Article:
Amputations are some of the most serious and debilitating kinds of injuries one can sustain in the workplace.
These types of injuries are not uncommon and can result from a number of activities and equipment. According to the Occupational Safety and Health Administration (OSHA), amputations happen most often when employees are working with unguarded equipment on inadequate safeguards.
These accidents often occur while working with food slicers, roll-forming and roll-bending machines, printing presses, conveyors, power press brakes, slitters, grinders and shears. They can also happen when working with forklifts, trash compactors and even hand tools.
The most common amputations result in trauma to the hand, wrist, finger, arm, foot and leg. Sometimes a body part can be crushed so severely in an accident that it needs to be amputated.
Our Asheville workers' compensation attorneys understand that amputations are often life-altering injuries. OSHA has standards in Title 29 of the Code of Federal Regulations to protect workers from amputations in the workplace. But just because these regulations are in effect, doesn't mean that employers are listening and working to prevent injury.
According to the National Limb Loss Information Center, there are more than 1.5 million people who are currently living with limb loss. This means that one out of every 200 people in the U.S. is dealing with an amputation.
According to the Bureau of Labor Statistics (BLS), there were more than 170 fatal workplace amputations in the U.S. from 1992 to 1999. In addition to these fatalities, there were another 90,000 amputation injuries reported during the same time period. Although these kinds of injuries account for less than 1 percent of injury-related and fatal accidents during the 8-year period, the seriousness of these cases often impacts the employee and the employer much more profoundly than other kinds of injuries. Because of their severity, these kinds of injuries have received increased attention in recent years.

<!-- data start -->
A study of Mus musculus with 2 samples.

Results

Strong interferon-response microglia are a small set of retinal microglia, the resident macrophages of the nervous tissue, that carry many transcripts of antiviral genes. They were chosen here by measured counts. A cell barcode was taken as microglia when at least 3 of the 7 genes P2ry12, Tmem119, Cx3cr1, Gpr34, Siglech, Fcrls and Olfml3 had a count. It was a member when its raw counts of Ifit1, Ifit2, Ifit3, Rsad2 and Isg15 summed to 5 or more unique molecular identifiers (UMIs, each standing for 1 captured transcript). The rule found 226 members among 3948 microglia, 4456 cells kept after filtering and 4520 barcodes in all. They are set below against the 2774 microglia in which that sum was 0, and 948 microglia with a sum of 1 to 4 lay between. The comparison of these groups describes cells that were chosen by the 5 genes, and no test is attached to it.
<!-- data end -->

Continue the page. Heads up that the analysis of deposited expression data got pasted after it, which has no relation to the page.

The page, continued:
According to the US Department of Labor, approximately one half of all amputation injuries occur in the manufacturing sector in the United States. While amputation injuries are more likely to occur when you use machinery or heavy equipment as part of your job, amputation can unfortunately happen to anyone who is involved in a serious workplace accident.
Many believe that these numbers don't tell the whole story. According to Michigan State University, federal officials aren't tracking these injuries properly. According to a recent University study, the number of amputations following on-the-job accidents in the state was close to two-and-a-half times higher than the official estimate from the BLS.
Researchers looked at more than 615 work-related amputations throughout 2008. According to federal estimates, there only about 250 amputations during this time.
How can we fix these problems if they're never reported? This goes the same as workplace hazards. You've got to speak up and let someone know about your concerns. If no one knows, how can you expect change? Communication is a key in keeping your workplace safe.